The Country Liberals now hold all seats in Central Australia with the confirmation of the victory in Stuart by Bess Price (pictured) who defeated Karl Hampton.
The Country Liberals will now have 16 seats in the Legislative Assembly, with seven for Labor.
Ken Lechleitner on polling day, campaigning for Warren H. Williams (back to the camera) in Hermannsburg.
The Darwin-focussed politics of successive Territory governments has finally got the challenge it deserved and it came from the black vote in the bush. Credit has to go to the Country Liberals' significant work in communicating with bush electorates and fielding credible candidates with strong local roots – this transformation of the Country Liberals is one of the major changes wrought by Labor's 11 years in power. But the performance of the First Nations Political Party, particularly in the electorate of Stuart, suggests a broader politicisation of Aboriginal people, no longer happy to have other voices speaking for them.
The challenge for the Country Liberals government will now be to respond to their new support base, honouring their campaign promises. The challenge for the First Nations Political Party is to remain active, develop its thinking beyond the broad brush, and identify future credible candidates. On polling day at Hermannsburg KIERAN FINNANE spoke to Ken Lechleitner about the party's future.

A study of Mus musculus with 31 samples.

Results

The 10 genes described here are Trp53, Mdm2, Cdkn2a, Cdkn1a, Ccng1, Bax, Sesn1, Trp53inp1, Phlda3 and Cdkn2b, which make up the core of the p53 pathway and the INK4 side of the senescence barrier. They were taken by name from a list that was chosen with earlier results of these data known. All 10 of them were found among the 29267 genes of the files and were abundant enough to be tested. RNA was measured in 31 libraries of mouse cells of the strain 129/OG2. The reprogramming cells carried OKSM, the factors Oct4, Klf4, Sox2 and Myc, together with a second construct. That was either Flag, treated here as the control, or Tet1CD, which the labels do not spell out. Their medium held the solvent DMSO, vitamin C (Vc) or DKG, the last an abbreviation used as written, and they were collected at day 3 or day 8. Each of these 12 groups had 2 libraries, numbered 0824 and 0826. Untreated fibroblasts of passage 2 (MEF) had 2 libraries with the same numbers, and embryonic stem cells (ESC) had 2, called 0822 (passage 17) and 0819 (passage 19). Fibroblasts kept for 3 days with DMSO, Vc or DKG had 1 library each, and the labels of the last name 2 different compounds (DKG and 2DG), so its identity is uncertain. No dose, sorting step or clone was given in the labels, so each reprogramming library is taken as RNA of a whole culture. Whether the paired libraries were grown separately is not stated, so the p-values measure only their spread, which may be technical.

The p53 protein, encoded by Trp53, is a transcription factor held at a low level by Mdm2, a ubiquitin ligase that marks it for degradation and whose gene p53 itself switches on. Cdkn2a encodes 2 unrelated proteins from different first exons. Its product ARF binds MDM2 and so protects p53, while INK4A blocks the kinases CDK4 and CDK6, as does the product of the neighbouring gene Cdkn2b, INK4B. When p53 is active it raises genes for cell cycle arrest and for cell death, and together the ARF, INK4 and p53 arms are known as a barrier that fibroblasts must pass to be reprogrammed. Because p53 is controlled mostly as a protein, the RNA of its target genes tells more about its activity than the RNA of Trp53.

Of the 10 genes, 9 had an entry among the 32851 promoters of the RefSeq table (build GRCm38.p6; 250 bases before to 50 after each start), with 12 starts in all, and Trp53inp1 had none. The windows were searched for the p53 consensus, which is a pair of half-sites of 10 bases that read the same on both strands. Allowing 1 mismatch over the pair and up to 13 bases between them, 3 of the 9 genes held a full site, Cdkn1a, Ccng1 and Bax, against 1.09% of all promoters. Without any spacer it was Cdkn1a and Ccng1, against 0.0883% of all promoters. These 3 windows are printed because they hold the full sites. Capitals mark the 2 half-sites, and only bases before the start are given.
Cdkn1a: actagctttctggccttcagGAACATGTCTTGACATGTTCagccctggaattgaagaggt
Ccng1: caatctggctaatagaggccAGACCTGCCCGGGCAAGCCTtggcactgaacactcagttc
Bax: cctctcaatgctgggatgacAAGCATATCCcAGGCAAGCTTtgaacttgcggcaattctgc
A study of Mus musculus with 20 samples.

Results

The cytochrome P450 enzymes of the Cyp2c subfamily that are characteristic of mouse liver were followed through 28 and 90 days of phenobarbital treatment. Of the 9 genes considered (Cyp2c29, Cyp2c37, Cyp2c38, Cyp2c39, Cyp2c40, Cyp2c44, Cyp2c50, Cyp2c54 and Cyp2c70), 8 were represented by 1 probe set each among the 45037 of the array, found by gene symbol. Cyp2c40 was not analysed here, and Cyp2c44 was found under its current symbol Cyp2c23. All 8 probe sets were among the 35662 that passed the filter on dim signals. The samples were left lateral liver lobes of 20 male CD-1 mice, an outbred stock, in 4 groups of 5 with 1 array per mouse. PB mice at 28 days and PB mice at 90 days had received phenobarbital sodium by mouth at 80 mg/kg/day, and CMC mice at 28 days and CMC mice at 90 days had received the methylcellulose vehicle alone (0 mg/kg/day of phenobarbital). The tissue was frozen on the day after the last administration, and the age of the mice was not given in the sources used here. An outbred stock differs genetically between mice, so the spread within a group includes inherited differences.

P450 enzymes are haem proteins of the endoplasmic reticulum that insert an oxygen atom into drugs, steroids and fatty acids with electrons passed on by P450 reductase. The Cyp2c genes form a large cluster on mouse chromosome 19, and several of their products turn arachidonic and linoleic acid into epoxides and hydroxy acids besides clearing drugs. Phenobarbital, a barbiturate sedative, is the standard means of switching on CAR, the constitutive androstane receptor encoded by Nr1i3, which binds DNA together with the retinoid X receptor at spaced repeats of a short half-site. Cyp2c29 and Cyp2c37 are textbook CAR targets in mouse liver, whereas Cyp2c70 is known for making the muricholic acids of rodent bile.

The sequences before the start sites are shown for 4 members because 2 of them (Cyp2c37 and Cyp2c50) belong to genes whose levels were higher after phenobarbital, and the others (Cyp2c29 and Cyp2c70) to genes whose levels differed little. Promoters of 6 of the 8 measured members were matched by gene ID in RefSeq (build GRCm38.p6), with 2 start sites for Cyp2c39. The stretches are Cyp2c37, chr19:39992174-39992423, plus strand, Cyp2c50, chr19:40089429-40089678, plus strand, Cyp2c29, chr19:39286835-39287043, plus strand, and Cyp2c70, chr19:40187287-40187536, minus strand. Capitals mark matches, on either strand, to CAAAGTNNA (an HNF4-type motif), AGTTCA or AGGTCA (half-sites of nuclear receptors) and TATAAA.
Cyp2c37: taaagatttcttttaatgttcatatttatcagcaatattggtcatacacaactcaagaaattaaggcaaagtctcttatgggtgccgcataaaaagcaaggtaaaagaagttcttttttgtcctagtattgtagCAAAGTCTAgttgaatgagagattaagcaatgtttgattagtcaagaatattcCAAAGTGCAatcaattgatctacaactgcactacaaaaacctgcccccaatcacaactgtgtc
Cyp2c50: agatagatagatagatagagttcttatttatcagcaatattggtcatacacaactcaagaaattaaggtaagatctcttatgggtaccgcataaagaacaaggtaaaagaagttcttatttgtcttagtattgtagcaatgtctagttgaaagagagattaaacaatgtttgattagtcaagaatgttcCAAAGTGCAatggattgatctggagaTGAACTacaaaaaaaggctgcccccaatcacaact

Bess Price on the campaign trail, talking with Laramba resident Ronnie McNamara and Napperby pastoralist Janet Chisholm.
Is a swing on in the vast Northern Territory electorate of Stuart? It's been held by Labor since 1983. Can well-regarded and outspoken senior Warlpiri woman Bess Nungarrayi Price wrest it from Labor for the Country Liberals? One voter doesn't make up the 15% needed but Ronnie McNamara in Laramba is eloquent: "We tried Karl Hampton and before him Peter Toyne. Nothing happened. We need someone who can help us ... We might vote for that Country party." KIERAN FINNANE accompanies Bess Price on the campaign trail.
NT Recycling Solutions yesterday closed the doors of its three depots operating in the Darwin area under the Cash for Containers scheme.
The firm says it paid 10 cents refund for more than two million containers but the reimbursement from the drink manufacturers have either been not paid or not in full: "NTRS advised the Government of these issues early in the scheme's existence however they failed to make any significant efforts to help us resolve the matter until several weeks after the issues arose."
The Darwin firm urges collectors to contact the Minister responsible for the administration of the Act, Karl Hampton (pictured) "and voice their concerns over the failure of the scheme to date".
In a statement issued to media on Friday Mr Hampton said the government has offered to pay for the dispute to be mediated and is advised that mediation will take place next week. It has now been confirmed that it will be before Tom Pauling, former NT Administrator, early in the week.
PHOTO at top: Part of the depot in Smith Street, Alice Springs.